There are currently over 300,000 authorized users of medical cannabis across Canada and 104,000 in Alberta alone. With that comes added pressures for insurance carriers to include cannabis as an eligible drug expense. Some carriers have already stepped forward with programs – typically they offer coverage for a limited number of conditions such as HIV and other chronic conditions.
With the recent legalization of recreational cannabis, there may be increased interest in medical cannabis as a viable treatment option for a range of health issues – even though medical cannabis has been legal for a long time.
Medical cannabis works by introducing extra cannabinoids into the patient’s system. These act similarly to natural compounds produced by our bodies called endocannabinoids. Our natural endocannabinoid system helps to regulate many functions including pain perception, stress and emotional regulation, sleep, immune system, reproduction, digestion, and inflammation.
Not all medical cannabis causes a high, and it can be consumed in several different forms including dried buds (inhalants), oils taken by mouth, or topical creams. While dried cannabis, the most common form, costs about $10 per gram, other forms such as oils can cost more. The form and amount of cannabis used to treat a particular condition varies by patient.
Only cannabis products from licensed producers would be eligible for coverage under any benefit plan. Products purchased through dispensaries, compassion clubs or other storefronts are not eligible.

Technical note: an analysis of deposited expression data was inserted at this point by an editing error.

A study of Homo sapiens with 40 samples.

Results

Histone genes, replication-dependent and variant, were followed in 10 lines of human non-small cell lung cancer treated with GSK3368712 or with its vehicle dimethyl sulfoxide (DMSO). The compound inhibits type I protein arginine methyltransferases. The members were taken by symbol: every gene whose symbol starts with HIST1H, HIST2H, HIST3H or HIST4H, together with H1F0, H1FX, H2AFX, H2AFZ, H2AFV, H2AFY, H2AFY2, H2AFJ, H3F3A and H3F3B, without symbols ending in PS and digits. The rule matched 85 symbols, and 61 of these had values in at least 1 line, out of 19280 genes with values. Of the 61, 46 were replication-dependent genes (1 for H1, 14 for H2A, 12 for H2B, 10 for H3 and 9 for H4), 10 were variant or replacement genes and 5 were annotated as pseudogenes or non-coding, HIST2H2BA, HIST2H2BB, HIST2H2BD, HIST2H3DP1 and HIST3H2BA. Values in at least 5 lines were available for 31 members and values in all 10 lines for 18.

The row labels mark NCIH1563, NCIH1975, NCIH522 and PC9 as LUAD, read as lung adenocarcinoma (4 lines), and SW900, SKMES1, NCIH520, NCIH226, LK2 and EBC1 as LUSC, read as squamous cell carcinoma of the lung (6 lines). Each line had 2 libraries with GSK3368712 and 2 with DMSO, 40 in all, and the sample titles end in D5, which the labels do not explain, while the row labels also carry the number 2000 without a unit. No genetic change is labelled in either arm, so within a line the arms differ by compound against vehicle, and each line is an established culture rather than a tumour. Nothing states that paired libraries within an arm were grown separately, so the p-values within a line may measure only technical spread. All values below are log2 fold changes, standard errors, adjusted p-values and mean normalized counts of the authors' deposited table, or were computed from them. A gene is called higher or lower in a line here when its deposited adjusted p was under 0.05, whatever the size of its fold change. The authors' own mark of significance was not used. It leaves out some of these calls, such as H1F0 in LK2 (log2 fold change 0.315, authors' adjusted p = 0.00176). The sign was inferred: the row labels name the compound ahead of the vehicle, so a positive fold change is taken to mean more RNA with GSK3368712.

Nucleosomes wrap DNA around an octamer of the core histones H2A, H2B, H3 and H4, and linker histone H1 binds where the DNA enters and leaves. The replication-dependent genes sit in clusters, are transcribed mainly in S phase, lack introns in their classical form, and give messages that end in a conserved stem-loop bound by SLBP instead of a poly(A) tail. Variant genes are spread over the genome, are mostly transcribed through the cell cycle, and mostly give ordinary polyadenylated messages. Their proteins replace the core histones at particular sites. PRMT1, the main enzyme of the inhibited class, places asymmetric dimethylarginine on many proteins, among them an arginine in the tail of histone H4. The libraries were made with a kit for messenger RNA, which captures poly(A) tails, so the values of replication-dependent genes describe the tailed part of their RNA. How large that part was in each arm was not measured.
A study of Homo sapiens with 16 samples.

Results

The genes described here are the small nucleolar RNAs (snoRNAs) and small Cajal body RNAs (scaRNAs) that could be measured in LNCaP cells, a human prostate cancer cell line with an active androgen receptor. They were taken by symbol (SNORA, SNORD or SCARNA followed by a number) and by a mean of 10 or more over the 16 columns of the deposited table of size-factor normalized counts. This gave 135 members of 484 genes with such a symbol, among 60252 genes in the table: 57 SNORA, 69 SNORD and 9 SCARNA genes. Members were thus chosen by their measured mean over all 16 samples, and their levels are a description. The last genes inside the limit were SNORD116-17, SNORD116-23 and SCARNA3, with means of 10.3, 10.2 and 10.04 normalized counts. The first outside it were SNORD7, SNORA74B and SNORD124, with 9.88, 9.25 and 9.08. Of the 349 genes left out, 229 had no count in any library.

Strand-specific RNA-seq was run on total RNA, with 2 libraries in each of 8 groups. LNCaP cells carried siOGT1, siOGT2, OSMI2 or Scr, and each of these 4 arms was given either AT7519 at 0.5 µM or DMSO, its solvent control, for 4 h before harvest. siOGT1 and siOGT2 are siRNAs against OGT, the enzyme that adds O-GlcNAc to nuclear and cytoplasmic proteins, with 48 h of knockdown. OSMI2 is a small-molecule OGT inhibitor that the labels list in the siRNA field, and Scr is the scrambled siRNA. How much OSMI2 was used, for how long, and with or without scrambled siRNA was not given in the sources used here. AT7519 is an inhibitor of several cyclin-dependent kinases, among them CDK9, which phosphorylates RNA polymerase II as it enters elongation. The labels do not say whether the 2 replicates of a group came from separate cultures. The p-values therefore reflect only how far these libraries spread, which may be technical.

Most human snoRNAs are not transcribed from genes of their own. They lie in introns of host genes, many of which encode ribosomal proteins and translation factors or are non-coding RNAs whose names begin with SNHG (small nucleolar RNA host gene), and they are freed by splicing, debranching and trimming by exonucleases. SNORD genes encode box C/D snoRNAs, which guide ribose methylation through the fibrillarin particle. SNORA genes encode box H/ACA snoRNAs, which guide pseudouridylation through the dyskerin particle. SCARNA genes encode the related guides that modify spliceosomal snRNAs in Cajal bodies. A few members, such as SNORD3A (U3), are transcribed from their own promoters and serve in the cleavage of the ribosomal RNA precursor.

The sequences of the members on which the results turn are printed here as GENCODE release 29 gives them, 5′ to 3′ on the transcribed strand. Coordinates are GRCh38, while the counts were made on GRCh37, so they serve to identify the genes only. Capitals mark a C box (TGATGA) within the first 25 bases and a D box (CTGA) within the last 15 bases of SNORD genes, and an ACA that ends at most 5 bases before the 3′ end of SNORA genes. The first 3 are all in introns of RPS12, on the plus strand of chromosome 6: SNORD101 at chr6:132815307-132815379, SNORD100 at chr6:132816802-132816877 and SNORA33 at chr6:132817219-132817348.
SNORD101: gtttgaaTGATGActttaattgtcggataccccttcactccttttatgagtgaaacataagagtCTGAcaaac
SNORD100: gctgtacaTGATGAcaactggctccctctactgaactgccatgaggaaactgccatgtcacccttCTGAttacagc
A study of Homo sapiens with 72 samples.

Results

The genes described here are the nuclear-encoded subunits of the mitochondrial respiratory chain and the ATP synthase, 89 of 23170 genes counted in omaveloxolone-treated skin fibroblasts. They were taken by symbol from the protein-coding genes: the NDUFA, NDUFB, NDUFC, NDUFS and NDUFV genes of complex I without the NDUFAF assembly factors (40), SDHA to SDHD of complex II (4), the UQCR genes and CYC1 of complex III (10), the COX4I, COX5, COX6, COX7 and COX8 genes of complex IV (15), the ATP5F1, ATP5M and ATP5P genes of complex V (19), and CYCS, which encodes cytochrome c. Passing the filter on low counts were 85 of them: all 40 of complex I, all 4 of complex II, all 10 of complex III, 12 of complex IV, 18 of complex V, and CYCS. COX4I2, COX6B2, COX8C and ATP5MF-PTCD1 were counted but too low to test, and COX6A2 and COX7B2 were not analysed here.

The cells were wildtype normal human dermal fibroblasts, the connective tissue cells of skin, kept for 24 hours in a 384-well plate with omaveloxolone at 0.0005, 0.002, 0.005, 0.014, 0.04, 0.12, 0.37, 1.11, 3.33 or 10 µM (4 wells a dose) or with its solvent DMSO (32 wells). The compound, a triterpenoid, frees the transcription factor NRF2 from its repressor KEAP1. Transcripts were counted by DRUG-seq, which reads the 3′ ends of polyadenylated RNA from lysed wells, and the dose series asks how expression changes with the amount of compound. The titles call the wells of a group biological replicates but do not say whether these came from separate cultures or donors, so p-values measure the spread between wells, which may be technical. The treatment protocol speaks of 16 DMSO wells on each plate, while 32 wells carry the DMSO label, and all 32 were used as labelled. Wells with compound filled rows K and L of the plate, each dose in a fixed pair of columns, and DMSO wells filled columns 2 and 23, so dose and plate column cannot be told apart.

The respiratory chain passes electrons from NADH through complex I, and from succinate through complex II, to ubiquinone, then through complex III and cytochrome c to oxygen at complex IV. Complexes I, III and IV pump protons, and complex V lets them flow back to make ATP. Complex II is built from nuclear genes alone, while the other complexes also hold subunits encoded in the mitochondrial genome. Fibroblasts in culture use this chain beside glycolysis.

Before deciding to add medical cannabis to your benefits plan, there are a couple of important steps. First, take a pulse check to see if employees would value medical cannabis. Next, determine whether your insurance carrier will cover medical cannabis and at what level. Some carriers have embedded additional services such as strain selection support and education.
It's also important to keep these factors in mind:
It is costly: Combined with the fact that the overall limit is typically less than $3,000, determining whether the corresponding premium increase would be worth the potential benefit to your pool of employees.
Additional Health Risks: Cannabis containing THC can cause impairment, which could be safety concern in the workplace. Regular use of cannabis may cause lung damage, and dependence or addiction are possible, and long-term use may increase risk of anxiety, depression, and psychosis.
If you already have a Health Spending Account (HSA), your employees can use it to cover medical cannabis as well as the other health and dental expenses that CRA allows. If you don't already offer an HSA, consider these additional advantages:
Money allocated to these accounts becomes a benefit to all employees – the money can be used for any eligible expense – not just medical cannabis but also vision care, coinsurance amounts, or claims not eligible under your core plan.
Your investment in an HSA doesn't change, so you are limiting your exposure to premium increases if demand for the medication be higher than expected.